A new study is looking at whether recently discovered fault lines in Hamilton could pose an earthquake risk to the city.
Hamilton was once thought to be devoid of active faults, but scientists say that is no longer the case.
- Researchers discover significantly more fault lines under Hamilton than previously thought
- 'It could happen tomorrow': Scientists prepare for New Zealand's next big earthquake
- Earthquake research deemed problematic by Kiwi experts
In 2015, researchers were alerted to a possible fault in the city's northern suburbs. Upon investigation 25 faults were discovered in the region.
Findings released last year indicated that any earthquakes in the area were more likely to be localised and less life-threatening.
The faulting splits off sending smaller faults in different directions. The result is that it is more difficult to predict where the fault lies could rupture and plan city layouts accordingly.
The new study, by a team of scientists at the University of Waikato, will now explore the seismic activity of the faults more accurately.
Because the faults don't reach the earth's surface, it is difficult to directly assess how frequent and intense their activity is, scientists said.
The study will examine the liquefied volcanic-ash layers found in many small lakes scattered throughout the faults to test the frequency and activity of the faults over the last 20,000 years.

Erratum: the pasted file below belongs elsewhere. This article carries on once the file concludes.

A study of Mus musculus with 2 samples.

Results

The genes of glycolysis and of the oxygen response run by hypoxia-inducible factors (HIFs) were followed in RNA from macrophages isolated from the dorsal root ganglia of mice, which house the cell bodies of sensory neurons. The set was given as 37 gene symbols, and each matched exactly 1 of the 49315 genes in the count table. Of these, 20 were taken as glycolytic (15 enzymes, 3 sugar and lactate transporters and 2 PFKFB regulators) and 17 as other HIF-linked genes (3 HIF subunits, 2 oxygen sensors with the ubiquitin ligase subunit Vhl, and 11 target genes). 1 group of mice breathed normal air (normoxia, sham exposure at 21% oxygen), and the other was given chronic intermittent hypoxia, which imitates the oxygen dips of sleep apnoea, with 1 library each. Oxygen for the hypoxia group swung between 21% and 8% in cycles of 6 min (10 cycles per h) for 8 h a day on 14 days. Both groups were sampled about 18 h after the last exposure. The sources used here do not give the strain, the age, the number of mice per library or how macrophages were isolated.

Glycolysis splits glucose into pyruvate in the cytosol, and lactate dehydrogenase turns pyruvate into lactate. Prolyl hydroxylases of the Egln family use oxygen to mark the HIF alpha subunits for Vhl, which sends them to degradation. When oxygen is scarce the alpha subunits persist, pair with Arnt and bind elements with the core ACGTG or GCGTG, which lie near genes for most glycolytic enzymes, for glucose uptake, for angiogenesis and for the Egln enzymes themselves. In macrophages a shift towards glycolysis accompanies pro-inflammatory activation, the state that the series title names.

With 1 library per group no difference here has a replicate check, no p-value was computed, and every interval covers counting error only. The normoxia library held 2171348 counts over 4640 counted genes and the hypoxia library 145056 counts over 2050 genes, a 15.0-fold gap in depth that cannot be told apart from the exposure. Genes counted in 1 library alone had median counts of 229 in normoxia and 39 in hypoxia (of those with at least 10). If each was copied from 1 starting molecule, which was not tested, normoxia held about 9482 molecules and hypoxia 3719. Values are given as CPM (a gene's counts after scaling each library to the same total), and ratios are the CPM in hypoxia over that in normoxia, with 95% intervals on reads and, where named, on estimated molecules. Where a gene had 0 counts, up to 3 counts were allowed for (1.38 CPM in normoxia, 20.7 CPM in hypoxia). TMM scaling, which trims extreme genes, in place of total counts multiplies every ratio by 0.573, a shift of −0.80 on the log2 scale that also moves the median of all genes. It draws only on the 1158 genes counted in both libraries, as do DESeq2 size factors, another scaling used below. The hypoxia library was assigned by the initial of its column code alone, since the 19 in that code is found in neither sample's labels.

"This project will be groundbreaking, as no one has ever identified volcanic-ash layers in lakes as being liquified," says Professor David Lowe, the project co-leader.
Data from the project will be shared with the Waikato Regional Council and ultimately used to provide earthquake hazard maps for Hamilton.
"These maps will greatly improve hazard planning and mitigation strategies by policymakers, and provide data for the National Seismic Hazard Model which informs the New Zealand Building Code," said Professor Lowe.
Hamilton's building codes are currently based on the fact that the city has a relatively low to moderate seismic risk, but depending on the investigation's results that could change, said Professor Lowe.